3. Knowledge, Products & Services

Participants were also asked what information they currently use to make decisions. Most frequently mentioned types of resources used include best practices and lessons learned from other professionals, knowledge of community members and peers, and environmental, climate, and/or economic justice and equity information (Table 5).

Table 5. Resources currently used to make decisions by survey respondents (n=171).

Best practices and lessons learned
Knowledge of stakeholders and community members
Environmental, climate, and/or economic justice and equity information
Knowledge from my peers
Case studies
Spatial data
Grey literature (e.g., agency plans)
Land cover and use data
Scientific literature
Models (e.g., atmospheric, ecosystem, economic)



Additional resources needed to better address displacement pressures in a changing climate include case study examples from on-the-ground initiatives; example policies, ordinances, and model codes; trainings and webinars, and information on how to better communicate climate change to and engage the public (Table 6).

Table 6. Resources needed to more effectively take action on climate change as expressed by survey respondents (n=171).

Best practices/case studies
Example policies, ordinances, and model codes
Trainings, workshops, or webinars
Information on how to communicate climate change to the public and engage stakeholders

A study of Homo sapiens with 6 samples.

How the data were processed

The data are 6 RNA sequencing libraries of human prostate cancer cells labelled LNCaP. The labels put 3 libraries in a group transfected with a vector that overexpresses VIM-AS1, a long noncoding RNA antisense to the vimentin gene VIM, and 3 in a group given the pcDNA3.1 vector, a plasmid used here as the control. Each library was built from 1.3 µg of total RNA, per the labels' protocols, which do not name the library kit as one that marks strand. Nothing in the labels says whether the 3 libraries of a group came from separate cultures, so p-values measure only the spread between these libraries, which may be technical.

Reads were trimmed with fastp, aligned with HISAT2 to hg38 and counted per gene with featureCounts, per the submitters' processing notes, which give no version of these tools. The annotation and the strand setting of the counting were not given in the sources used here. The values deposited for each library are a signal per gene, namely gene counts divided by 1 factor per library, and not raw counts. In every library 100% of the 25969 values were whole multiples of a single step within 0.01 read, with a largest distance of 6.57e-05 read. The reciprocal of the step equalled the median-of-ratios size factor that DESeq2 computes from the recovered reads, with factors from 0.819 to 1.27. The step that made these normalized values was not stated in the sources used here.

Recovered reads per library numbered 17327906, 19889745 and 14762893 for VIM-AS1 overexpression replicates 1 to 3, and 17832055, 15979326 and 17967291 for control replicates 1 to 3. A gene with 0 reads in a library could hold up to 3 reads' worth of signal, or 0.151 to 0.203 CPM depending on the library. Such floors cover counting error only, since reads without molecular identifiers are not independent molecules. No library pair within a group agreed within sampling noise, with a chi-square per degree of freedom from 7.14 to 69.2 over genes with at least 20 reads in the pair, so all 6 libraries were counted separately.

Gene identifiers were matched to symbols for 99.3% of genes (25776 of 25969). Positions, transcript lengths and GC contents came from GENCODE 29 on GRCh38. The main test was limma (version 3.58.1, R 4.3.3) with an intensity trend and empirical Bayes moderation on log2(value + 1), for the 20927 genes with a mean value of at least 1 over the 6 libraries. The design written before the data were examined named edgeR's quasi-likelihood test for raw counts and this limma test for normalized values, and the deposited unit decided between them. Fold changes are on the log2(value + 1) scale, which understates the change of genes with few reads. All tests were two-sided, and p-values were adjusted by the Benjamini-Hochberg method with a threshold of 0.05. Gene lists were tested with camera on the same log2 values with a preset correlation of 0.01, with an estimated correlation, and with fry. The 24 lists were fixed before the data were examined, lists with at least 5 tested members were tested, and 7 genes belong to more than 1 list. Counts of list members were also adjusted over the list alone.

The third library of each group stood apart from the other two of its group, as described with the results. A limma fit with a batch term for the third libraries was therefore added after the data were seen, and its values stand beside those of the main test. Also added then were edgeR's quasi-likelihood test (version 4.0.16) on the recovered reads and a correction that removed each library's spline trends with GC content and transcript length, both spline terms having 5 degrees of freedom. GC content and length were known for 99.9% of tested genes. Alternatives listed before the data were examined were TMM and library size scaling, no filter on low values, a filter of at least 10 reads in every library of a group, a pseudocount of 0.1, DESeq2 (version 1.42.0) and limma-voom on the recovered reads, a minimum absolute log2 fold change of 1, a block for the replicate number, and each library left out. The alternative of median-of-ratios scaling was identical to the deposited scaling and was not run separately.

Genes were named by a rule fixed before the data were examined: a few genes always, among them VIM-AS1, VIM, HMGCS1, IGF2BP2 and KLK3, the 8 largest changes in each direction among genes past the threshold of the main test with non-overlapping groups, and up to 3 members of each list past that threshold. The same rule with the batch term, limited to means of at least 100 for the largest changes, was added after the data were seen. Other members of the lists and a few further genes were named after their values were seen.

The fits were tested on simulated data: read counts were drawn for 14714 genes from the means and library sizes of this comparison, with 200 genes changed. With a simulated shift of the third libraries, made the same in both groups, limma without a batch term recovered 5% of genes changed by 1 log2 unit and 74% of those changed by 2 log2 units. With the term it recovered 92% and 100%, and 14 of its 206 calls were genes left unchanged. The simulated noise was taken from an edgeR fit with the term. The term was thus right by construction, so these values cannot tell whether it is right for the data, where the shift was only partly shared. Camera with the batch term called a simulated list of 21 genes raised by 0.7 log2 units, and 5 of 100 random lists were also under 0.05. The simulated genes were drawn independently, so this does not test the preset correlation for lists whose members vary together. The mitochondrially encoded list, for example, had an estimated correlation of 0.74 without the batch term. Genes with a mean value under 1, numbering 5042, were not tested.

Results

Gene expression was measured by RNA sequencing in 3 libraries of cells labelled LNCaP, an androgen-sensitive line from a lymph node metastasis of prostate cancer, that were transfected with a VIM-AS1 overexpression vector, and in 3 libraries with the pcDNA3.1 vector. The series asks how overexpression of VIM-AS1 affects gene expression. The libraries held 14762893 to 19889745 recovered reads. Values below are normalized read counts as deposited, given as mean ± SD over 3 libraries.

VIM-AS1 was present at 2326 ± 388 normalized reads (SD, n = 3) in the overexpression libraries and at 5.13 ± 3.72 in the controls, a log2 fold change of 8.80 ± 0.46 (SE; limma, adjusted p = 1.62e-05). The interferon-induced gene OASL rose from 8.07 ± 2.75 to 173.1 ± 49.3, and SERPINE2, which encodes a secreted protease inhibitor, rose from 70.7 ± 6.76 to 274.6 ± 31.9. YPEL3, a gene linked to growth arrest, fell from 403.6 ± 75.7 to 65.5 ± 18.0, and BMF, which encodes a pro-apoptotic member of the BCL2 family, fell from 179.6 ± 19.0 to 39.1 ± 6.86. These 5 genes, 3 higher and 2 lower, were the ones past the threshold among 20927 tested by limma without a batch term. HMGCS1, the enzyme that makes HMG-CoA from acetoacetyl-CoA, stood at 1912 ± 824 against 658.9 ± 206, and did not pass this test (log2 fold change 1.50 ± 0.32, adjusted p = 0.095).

Guidance on how to integrate climate change into displacement work
Peer-to-peer learning networks




Participants were also asked to identify specific resources and tools they use to make decisions on climate change (Table 7).

Table 7. Resources and tools used by respondents.

Urban Sustainability Directors Network

Headwaters Economics

Climate-Smart Cities Program


CalEnviroScreen 3.0



National Environmental Public Health Tracking Network

GreenTRIP Connect


Our Communities, Our Power: Advancing Resistance and Resilience in Climate Change Adaptation Toolkit

The Urban Sustainability Directors Network is a group of local government professionals from the United States and Canada dedicated to sharing best practices and advancing sustainability.

Headwaters Economics is a nonprofit that supports community land-use planning and management through research on economic development, energy, equity, and public lands.

The Trust for Public Land's Climate-Smart CitiesTM Program helps communities develop and utilize parks and open space as green infrastructure. Partner cities include Boston, Los Angeles, Richmond, Cleveland, and New Orleans.

The California Environmental Protection Agency’s Office of Environmental Health Hazard Assessment created the California Communities Environmental Health Screening Tool to help users easily identify communities disproportionately affected by pollution.

The Centers for Disease Control and Prevention runs the National Environmental Public Health Tracking Network to track health and environmental data from national, state, and local sources for public use.

TransForm created GreenTRIP Connect to help community members calculate carbon footprints and identify carbon reduction measures.

The NAACP Environmental and Climate Justice Program created this toolkit to help frontline communities create transformative change. Modules are shared on creating community working groups, developing community climate adaptation plans, enacting legislation, communicating climate resilience, building public awareness, creating local food initiatives, and creating resilient transportation systems, among others.